Higher prices for food and clothing prices driven up by the weak pound fuelled retail sales growth last month.
British Retail Consortium (BRC) and KPMG figures showed that like-for-like retail sales rose 1.9 per cent in September, the BBC reports.
That was far higher than the 0.4 per cent increase for the same month last year. Total sales climbed 2.3 per cent.
Much of this growth was due to price rises filtering through, particularly in food and clothing, said BRC chief executive Helen Dickinson.
“Retailers have worked hard to keep a lid on price rises following the depreciation of the pound, but with a potent mix of more expensive imports and increasing business costs from various government policies, something had to give at some point,” she said.
“Spending is still being focused towards essential purchases; with consumers buying their winter coats and back to school items, but shying away from big ticket items such as furniture and delaying the renewal of key household electrical goods.”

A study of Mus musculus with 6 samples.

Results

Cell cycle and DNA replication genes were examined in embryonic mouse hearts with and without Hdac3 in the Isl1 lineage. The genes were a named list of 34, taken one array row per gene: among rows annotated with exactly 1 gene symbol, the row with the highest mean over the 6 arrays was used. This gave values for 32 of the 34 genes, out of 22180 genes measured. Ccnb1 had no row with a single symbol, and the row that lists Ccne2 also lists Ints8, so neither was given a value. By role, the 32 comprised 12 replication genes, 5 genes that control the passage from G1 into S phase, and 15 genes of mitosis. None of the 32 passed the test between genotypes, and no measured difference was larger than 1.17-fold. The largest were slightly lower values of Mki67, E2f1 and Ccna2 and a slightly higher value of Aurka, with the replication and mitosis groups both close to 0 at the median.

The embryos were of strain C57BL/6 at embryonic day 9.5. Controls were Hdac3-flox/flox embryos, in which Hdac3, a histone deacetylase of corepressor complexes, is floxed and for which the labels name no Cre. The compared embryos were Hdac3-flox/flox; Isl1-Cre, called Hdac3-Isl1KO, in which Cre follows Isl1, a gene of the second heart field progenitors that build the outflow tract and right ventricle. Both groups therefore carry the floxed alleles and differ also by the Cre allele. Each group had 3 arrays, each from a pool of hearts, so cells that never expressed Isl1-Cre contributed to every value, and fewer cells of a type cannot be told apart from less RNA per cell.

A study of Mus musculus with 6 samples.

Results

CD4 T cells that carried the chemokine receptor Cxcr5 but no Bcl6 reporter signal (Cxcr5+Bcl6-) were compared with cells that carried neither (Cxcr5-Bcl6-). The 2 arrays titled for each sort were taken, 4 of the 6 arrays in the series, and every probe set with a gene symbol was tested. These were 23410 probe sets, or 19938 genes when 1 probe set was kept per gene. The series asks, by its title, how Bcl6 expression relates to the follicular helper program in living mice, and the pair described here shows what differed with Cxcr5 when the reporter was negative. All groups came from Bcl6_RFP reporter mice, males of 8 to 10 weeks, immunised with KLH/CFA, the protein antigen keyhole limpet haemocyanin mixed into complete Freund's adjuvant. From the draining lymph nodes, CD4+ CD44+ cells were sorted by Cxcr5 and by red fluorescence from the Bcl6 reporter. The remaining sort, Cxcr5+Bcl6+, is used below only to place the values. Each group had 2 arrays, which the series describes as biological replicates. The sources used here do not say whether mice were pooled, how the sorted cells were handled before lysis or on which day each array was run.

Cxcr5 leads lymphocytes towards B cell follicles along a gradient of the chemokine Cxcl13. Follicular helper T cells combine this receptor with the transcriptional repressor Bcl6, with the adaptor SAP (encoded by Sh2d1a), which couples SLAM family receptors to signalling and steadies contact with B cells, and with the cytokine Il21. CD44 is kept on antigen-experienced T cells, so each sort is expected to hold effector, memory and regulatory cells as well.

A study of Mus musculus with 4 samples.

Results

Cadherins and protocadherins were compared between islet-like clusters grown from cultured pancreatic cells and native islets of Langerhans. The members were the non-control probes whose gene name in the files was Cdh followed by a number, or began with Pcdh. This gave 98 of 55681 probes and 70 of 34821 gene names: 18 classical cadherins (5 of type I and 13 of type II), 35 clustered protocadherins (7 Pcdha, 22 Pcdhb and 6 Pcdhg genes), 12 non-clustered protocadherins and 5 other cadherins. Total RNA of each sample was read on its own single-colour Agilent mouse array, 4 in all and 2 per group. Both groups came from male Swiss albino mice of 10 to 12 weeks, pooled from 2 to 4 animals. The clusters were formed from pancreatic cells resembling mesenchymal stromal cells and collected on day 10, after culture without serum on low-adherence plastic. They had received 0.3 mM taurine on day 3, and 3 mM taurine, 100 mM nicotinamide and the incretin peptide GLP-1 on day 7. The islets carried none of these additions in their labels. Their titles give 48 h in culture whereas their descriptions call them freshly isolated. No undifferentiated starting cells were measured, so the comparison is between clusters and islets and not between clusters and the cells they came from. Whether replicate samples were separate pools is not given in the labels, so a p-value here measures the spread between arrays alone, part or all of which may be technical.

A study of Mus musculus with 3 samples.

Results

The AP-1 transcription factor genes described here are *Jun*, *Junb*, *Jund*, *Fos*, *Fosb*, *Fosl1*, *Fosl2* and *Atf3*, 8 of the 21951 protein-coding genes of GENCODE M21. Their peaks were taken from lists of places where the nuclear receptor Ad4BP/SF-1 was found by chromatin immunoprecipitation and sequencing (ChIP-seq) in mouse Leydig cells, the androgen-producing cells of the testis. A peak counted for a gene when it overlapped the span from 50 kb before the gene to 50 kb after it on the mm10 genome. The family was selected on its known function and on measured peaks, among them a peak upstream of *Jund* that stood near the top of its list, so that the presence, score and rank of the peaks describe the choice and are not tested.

The survey showed that food sales rose by 2.5 per cent on a like-for-like basis over the three months to September and 3.5 per cent in total, while non-food sales rose by just 0.5 per cent, or by 0.9 per cent on a total basis.
Non-food sales in stores slumped 2 per cent last month, and slid by 1.5 per cent in total in the three months to September.
Yet online sales for non-food surged 10.7 per cent in September – well above the three-month average of 10% – as shoppers responded well to online discounts.
Paul Martin, KPMG UK’s head of retail, said: “With potential interest rate rises on the horizon, shaky consumer confidence and ever-increasing levels of household debt, uncertainty remains.
“We’re now moving into the final quarter, which will ultimately define whether 2017 has been a good or bad year for retailers.”